Leadership in the Ohio House and Ohio Senate have said they want to repeal a sweeping energy law, HB6, that's linked to an alleged bribery scheme. As the federal investigation continues to reveal more corruption, opponents of the law are growing frustrated with the lack of movement for a repeal.
Since federal agents arrested former House Speaker Larry Householder (R-Glenford) and others in an alleged $61 million bribery scheme to pass the nuclear plant bailout, two of the defendants have pleaded guilty, FirstEnergy fired its CEO, and the chair of the Public Utilities Commission of Ohio has resigned.
State Rep. Sedrick Denson (D-Cincinnati), a vocal supporter of a repeal, says it's time for lawmakers to act in order to restore public trust.
"This thing has snowballed into something much larger than where we started, and what's unfortunate is that we have spent more time 'repealing House Bill 6' than it took us to pass House Bill 6," Denson says.
The U.S. Attorney revealed the racketeering investigation at the end of July, and talks of a repeal have been circulating at the Statehouse ever since.
The Ohio House created a special committee to hold hearings on the subject, but none of the bills that have been created to either completely or partially repeal HB6 have moved out of committee.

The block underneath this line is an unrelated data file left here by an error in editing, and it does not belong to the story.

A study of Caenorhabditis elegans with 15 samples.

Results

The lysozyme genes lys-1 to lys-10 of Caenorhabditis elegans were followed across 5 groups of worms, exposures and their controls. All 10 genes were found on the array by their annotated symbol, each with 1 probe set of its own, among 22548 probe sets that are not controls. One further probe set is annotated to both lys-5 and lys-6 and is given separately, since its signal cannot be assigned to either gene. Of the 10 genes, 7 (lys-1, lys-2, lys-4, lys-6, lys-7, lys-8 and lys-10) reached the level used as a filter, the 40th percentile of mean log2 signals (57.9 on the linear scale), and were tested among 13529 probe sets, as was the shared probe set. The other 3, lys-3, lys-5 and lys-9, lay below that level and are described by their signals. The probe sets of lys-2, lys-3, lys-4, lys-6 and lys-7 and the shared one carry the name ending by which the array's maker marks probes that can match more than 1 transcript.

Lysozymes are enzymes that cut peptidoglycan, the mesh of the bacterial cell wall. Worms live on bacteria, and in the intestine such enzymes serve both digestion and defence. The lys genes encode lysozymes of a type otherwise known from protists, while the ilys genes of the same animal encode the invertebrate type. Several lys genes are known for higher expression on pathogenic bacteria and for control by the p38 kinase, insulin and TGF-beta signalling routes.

"Enough already," state Rep. David Leland (D-Columbus) said in a written statement. "How many more need to be arrested, charged, fired and resign before we repudiate this corruption that has engulfed Ohio? The only way we can show that Ohio is not for sale is to repeal HB6 and Republican leadership is the only thing keeping that from happening."
Newly-elected House Speaker Bob Cupp (R-Lima), Senate President Larry Obhof (R-Medina) and Gov. Mike DeWine have all voiced their support to repeal the energy law, which creates $150 million in annual ratepayer subsidies for nuclear power plants. HB6 also creates subsidies for coal and solar power plants.
Altogether, the new subsidies amount to a charge of about $2.35 a month for the average ratepayer.
Legislators who support the energy laws created through HB6 contend that the policy is still sound even if the process was tainted. That includes support for rolling back and eliminating the renewable energy and energy efficiency standards.
Part of the debate over a repeal is over the final cost for ratepayers – supporters of HB6 say the law ends up saving money on electric bills because of the cuts to the clean energy mandates, while opponents argue the efficiency standards were a cost benefit to the bottom line of electric bills.
The new charges on electric bills are set to begin January 2021 if a repeal is not passed.